Diagnosed with cystic fibrosis at age 3, Jonathan Sacker, of Oklahoma City, said a new pair of lungs allowed him to breathe freely for the first time. Saturday he will participate in the 2013 Fight For Air Climb health challenge.
BY ADAM KEMP Modified: February 22, 2013 at 9:06 pm •  Published: February 23, 2013

Each breath of air felt like his last. Jonathan Sacker said it was like he was drowning, but without the water.

Diagnosed with cystic fibrosis at age 3, Sacker said walking across his living room used to knock him out due to a lack of oxygen.

On Saturday — less than a year after a double-lung transplant — Sacker will attempt to tackle a 34-story stair climb, taking each step like he did with his labored gasps of air, one at a time.

“I think it will be a great testament that this lung transplant has been worth it,” said Sacker, 32, of Oklahoma City. “Being there at the climb, I think it allows people to see that this is really possible, they can breathe again.”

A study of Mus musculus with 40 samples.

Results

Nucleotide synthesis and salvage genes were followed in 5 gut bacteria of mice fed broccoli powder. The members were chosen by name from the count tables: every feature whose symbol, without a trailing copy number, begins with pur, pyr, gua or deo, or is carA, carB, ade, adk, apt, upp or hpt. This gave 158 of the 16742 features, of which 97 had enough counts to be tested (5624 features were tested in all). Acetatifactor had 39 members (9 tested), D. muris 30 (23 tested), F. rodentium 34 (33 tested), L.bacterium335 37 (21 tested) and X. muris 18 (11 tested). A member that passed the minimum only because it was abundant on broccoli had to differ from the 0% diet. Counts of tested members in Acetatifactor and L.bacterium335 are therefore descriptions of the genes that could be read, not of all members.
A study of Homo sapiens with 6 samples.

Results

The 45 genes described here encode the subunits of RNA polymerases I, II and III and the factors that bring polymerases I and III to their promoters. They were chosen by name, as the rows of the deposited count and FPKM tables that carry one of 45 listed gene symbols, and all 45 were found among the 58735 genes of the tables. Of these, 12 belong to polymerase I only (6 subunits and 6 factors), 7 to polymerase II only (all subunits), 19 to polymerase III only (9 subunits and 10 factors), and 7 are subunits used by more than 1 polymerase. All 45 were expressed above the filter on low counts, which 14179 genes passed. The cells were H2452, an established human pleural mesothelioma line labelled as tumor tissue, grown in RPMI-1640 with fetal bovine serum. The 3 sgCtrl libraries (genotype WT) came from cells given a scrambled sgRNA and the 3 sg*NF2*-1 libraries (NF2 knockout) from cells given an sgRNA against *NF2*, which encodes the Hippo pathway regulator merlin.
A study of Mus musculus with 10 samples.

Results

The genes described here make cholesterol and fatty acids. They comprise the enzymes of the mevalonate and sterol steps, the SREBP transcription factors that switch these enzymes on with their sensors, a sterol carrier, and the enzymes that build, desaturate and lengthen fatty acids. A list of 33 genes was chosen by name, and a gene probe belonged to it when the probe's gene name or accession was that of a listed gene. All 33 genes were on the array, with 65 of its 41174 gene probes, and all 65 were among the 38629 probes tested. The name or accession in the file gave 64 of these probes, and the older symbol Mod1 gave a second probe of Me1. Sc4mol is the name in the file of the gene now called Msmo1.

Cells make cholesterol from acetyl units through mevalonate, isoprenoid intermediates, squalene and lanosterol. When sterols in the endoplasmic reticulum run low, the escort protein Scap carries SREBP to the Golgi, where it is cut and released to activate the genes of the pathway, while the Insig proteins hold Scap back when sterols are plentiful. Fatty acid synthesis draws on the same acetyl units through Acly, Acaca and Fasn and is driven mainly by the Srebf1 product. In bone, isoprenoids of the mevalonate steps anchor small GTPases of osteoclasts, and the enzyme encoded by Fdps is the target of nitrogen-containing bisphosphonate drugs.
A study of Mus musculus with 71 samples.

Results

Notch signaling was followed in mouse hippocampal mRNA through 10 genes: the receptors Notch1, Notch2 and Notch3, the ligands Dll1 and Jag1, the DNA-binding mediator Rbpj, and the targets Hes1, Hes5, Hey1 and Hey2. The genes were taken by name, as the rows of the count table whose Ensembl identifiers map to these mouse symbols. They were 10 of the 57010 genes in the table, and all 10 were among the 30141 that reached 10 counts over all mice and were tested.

Sacker and nearly 275 others will participate in the 2013 Fight For Air Climb health challenge at the Cotter Ranch Tower, 100 N Broadway.

Participants will try to ascend nearly 350 feet to the top of the tower. Those who wish to participate can register at 7 a.m. with the climb starting at 8:30.

The event benefits the American Lung Association and its fight against lung diseases. So far, more than $57,000 has been raised.

This time last year, Sacker was in the hospital barely able to breathe because his cystic fibrosis had taken a turn for the worse.

“I got to the point where I was always on an oxygen tank and I had to take that thing everywhere,” he said. “I lost the muscle strength to breathe enough air. It feels like you're constantly trying to get air but you can't do it, like you're breathing through a straw.”

On May 22, Sacker had a double-lung transplant. He said the feeling of being able to breathe freely for the first time in his life was indescribable.

“I used to struggle with the most mundane of things,” he said. “Even just talking on the phone would've taken all my strength. Now I'm walking and running and it just feels so good to be off the couch and out of bed.”